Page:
Types of Databases
There are several common types of databases; each type of database has its own data model (how the data is structured). They include; Flat Model, Hierarchical Model, Relational Model and Network Model.
The Flat Model Database
In a flat model database, there is a two dimensional (flat structure) array of data. For instance, there is one column of information and within this column it is assumed that each data item will be related to the other. For instance, a flat model database includes only zip codes. Within the database, there will only be one column and each new row within that one column will be a new zip code.
The Hierarchical Model Database
The hierarchical model database resembles a tree like structure, such as how Microsoft Windows organizes folders and files. In a hierarchical model database, each upward link is nested in order to keep data organized in a particular order on a same level list. For instance, a hierarchal database of sales, may list each days sales as a separate file. Within this nested file are all of the sales (same types of data) for the day.
The Network Model
In a network model, the defining feature is that a record is stored with a link to other records – in effect networked. These networks (or sometimes referred to as pointers) can be a variety of different types of information such as node numbers or even a disk address.
The Relational Model
The relational model is the most popular type of database and an extremely powerful tool, not only to store information, but to access it as well. Relational databases are organized as tables. The beauty of a table is that the information can be accessed or added without reorganizing the tables. A table can have many records and each record can have many fields.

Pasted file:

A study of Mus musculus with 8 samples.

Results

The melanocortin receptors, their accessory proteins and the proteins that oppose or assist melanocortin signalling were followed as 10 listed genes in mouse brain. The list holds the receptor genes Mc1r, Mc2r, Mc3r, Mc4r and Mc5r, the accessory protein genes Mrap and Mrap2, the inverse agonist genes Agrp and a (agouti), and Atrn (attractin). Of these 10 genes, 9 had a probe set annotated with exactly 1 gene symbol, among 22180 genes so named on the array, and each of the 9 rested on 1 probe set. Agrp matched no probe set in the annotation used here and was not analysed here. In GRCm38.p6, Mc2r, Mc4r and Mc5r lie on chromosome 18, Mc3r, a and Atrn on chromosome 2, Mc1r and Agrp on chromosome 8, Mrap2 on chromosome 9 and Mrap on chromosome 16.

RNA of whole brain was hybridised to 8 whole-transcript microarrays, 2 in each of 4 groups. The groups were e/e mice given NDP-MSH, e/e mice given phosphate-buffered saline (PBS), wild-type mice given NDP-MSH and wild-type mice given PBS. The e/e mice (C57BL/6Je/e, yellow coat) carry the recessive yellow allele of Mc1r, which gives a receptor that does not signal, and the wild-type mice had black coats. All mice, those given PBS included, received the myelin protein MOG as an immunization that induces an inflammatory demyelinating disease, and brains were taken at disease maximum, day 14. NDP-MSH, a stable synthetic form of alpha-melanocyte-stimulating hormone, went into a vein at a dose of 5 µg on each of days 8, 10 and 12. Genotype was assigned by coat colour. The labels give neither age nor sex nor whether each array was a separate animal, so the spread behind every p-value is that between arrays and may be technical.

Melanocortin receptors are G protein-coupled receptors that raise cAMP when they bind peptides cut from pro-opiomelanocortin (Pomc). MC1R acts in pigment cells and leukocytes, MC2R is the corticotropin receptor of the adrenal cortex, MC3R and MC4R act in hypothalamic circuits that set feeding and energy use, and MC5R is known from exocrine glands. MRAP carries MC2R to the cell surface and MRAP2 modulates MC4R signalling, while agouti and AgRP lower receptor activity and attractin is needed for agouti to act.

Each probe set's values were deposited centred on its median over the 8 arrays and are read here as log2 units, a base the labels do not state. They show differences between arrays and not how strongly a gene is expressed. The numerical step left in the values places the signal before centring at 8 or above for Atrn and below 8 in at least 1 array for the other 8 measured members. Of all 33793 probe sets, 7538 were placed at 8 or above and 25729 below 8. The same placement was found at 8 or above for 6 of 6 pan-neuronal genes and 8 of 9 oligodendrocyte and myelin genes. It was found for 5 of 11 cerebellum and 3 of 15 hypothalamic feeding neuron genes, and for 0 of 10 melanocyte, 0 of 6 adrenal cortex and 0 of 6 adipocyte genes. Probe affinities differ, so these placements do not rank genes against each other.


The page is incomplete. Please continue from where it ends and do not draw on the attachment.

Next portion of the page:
Tables are sometimes called a relation. For instance, a company can have a database called customer orders, within this database will be several different tables or relations all relating to customer orders. Tables can include customer information (name, address, contact, info, customer number, etc) and other tables (relations) such as orders that the customer previously bought (this can include item number, item description, payment amount, payment method, etc). It should be noted that every record (group of fields) in a relational database has its own primary key. A primary key is a unique field that makes it easy to identify a record.
Relational databases use a program interface called SQL or Standard Query Language. SQL is currently used on practically all relational databases. Relational databases are extremely easy to customize to fit almost any kind of data storage. You can easily create relations for items that you sell, employees that work for your company, etc.